How do you transcend a negative impression, especially when it’s deserved? Over the years Microsoft
left users determined to do their Web surfing with anything but IE. In November, IE generated just 15.1 percent of browser usage, according to w3schools.com. Ten years earlier, it generated more than 83 percent. Why the plunge? By failing to innovate, Microsoft earned little for IE besides Web-wide derision. No longer willing to hold last place in the browser race, last summer the company finally stepped up its game and invested in substantive development. Early this year, with a bit of self-deprecating humor (unusual for the software giant), Microsoft introduced a well-received marketing campaign, “The Browser You Love to Hate.” It reintroduced it at the Windows 8
launch. Of more interest, though, is a lesser known promotion that began in August when IE was partnered with Atari to re-imagine for the Web the company’s iconic games.
The two companies coordinated their efforts to create games for the Atari Arcade SDK. Previously, developing HTML5
and a host of other venerable favorites back in action. These oldies remain true to their roots, albeit tweaked in good ways. They have a juicy updated look that's vibrant and fun. The great question, of course, is whether users not only play the established games, but begin to create their own rich content as well.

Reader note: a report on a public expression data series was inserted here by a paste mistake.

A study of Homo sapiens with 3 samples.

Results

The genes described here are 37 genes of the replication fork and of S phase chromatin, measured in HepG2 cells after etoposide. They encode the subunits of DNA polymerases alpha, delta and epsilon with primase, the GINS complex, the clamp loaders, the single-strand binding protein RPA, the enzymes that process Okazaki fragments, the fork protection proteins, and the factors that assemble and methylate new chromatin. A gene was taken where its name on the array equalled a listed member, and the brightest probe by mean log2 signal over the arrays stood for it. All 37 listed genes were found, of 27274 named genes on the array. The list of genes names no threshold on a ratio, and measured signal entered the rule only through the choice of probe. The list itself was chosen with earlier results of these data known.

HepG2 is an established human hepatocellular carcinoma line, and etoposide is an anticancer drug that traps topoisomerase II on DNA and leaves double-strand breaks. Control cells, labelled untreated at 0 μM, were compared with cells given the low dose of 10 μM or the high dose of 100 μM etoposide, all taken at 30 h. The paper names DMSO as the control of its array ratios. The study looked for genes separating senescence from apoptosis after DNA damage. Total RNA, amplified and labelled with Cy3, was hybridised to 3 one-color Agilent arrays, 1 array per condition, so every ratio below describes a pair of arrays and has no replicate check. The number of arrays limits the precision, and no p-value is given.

The game nerds were delighted early on. When the site went live, discussion boards lit up with raves about “awesomely well-built frameworks” and “the genius of the interconnected suite.” But are happy gamers and a beautifully designed example of IE’s new agility enough to give it the market bump it needs?
Almost nothing's been written about the collaboration since September 2012. It appears that Microsoft saw a nice angle for its own launches during Atari's 40th anniversary celebration but didn't follow up with much publicity after the games went live. From a marketing standpoint, investing little is understandable. If the games are being played in noteworthy numbers, it's doubtful that users are there because of IE. In any case, IE is improving, and it's certainly better than it was with versions 6, 7 or 8. But there’s still room for the kind of growth that Redmond should have set its sites on long ago. Despite what appear to be reasonable sales the Windows 8 launch didn’t make as big a splash as Microsoft had hoped, and the company's not doing much to dispel the stigma of being, well, boring. As a consequence, it doesn’t look like IE use is going to spike anytime soon. The relative silence from Redmond is a pity. Working with unexpected partners like Atari is just what IE needs to tamp down its lingering reputation as the browser world's difficult old fussbudget.